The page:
The International Journal of Computer Game Research

Our Mission - To explore the rich cultural genre of games; to give scholars a peer-reviewed forum for their ideas and theories; to provide an academic channel for the ongoing discussions on games and gaming.

Game Studies is a non-profit, open-access, crossdisciplinary journal dedicated to games research, web-published several times a year at

Our primary focus is aesthetic, cultural and communicative aspects of computer games, but any previously unpublished article focused on games and gaming is welcome. Proposed articles should be jargon-free, and should attempt to shed new light on games, rather than simply use games as metaphor or illustration of some other theory or phenomenon.

Game Studies is published with the support of:

The Swedish Research Council (Vetenskapsrådet)

The Joint Committee for Nordic Research Councils for the Humanities and the Social Sciences

Blekinge Institute of Technology

IT University of Copenhagen

Lund University

If you would like to make a donation to the Game Studies Foundation, which is a non-profit foundation established for the purpose of ensuring continuous publication of Game Studies, please contact the Editor-in-Chief or send an email to: foundation at gamestudies dot org

Game Analysis Reloaded

by Ida Katherine Hammeleff Jørgensen, Espen Aarseth

This special issue of Game Studies accompanies the Game Analysis Perspectives conference taking place at the IT University of Copenhagen on April 20th-23rd 2022.[more]

“Deathloop”: the Meta(modern) Immersive Simulation Game

by Hans-Joachim Backe

The article argues that "Deathloop" (Arkane Studios, 2021) exhibits aesthetic sensibilities associated with metamodernism (Vermeulen and van den Akker, 2010), by going beyond the conventions of the immersive sim genre and creating a hopeful reflection on the nature of digital games. [more]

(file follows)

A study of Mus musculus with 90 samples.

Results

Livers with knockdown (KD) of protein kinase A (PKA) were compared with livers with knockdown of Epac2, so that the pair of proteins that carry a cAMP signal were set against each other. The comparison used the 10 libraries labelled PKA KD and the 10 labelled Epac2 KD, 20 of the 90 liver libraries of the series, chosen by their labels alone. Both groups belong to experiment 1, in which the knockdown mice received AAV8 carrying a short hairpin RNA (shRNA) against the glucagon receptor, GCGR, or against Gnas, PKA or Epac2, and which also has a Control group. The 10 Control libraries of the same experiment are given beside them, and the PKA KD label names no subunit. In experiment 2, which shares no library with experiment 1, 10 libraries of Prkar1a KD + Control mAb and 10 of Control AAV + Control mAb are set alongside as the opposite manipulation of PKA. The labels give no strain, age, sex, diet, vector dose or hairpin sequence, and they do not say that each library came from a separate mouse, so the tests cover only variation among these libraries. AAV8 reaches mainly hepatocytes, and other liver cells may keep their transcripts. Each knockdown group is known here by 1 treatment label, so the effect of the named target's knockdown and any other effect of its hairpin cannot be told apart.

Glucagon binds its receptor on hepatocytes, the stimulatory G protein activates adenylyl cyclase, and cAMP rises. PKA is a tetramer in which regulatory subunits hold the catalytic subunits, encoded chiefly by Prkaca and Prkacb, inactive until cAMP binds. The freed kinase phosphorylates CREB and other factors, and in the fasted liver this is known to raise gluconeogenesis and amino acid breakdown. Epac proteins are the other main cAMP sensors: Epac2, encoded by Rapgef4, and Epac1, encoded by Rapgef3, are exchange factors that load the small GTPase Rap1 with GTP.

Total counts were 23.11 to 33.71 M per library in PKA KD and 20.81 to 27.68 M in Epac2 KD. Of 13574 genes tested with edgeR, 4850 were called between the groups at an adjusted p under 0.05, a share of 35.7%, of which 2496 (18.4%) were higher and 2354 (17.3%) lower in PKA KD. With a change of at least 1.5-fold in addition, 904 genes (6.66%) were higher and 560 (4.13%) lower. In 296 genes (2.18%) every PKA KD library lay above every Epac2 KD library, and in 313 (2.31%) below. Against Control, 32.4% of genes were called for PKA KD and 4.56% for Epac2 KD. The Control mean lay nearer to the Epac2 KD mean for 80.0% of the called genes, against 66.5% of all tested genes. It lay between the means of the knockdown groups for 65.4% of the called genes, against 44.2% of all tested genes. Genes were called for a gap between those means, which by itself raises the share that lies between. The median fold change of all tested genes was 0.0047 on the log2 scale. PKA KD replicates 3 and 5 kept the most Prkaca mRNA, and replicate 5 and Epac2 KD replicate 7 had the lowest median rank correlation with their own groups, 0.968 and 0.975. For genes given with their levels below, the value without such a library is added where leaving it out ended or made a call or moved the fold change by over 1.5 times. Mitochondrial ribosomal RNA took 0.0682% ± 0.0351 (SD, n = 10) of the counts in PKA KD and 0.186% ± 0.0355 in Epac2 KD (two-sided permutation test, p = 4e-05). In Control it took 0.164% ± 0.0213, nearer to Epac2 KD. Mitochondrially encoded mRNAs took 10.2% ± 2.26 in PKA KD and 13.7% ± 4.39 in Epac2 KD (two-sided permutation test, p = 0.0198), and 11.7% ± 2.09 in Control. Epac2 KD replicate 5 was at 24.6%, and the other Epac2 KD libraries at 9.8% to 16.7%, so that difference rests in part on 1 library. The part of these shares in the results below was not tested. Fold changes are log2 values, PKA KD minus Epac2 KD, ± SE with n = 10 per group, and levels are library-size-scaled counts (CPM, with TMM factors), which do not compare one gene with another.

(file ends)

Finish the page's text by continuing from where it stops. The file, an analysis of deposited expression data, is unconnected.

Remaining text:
The Digital Game Analysis Protocol (DiGAP): Introducing a Guide for Reflexive and Transparent Game Analyses

by Rowan Daneels, Maarten Denoo, Alexander Vandewalle, Bruno Dupont, Steven Malliet

This paper introduces the Digital Game Analysis Protocol (DiGAP), a flexible set of guidelines to perform and report on game analyses in a reflexive and transparent way, focusing on research rationale & objectives, researcher background, game selection, boundaries, analysis approach, coding techniques & data extraction and reporting & transparency. [more]

Sex and the City: A Sonic Analysis of Sex Work and Socioeconomic Class in Watch_Dogs 2

by Lyne Dwyer

This paper imports approaches from sound studies to explore soundwalking as part of a combined method for studying sex work and socioeconomic class in open world videogame cities. The author examines how sex is implicated in the way that soundscapes distinguish between differently classed neighbourhoods. [more]
Through the Ludic Glass: Making Sense of Video Games as Algorithmic Spectacles

by Sonia Fizek

This article explores what it means to analyze video games as "algorithmic spectacles" and how such a perspective changes the way we think about the digital image as one that demands its audience not only to look at it as a representation of something, but above all decode imaginary systems in action. [more]

Videogames and the Technicity of Ideology: The Case for Critique

by Justin Keever

This paper theorizes Ideology as a technology that links subjectivity to our technical being-in-the-world and produces “agency.” Ideology critique is used to analyze videogames as sites of production in which corporeal movement becomes legible as “agency” by subjecting such movement to a grid of computational, economic intelligibility. [more]
How to Interpret Digital Games? A Hermeneutic Guide in Ten Points, With References and Bibliography

by Michał Kłosiński

The article presents a guide describing steps for the hermeneutic interpretation of digital games. The procedure consists of ten points meant to inspire interpretative questions and formulate hypotheses. This guide is meant to test certain limits of hermeneutic methods applied to game analysis and provides a useful tool for students and scholars. [more]


©2001 - 2022 Game Studies Copyright for articles published in this journal is retained by the journal, except for the right to republish in printed paper publications, which belongs to the authors, but with first publication rights granted to the journal. By virtue of their appearance in this open access journal, articles are free to use, with proper attribution, in educational and other non-commercial settings.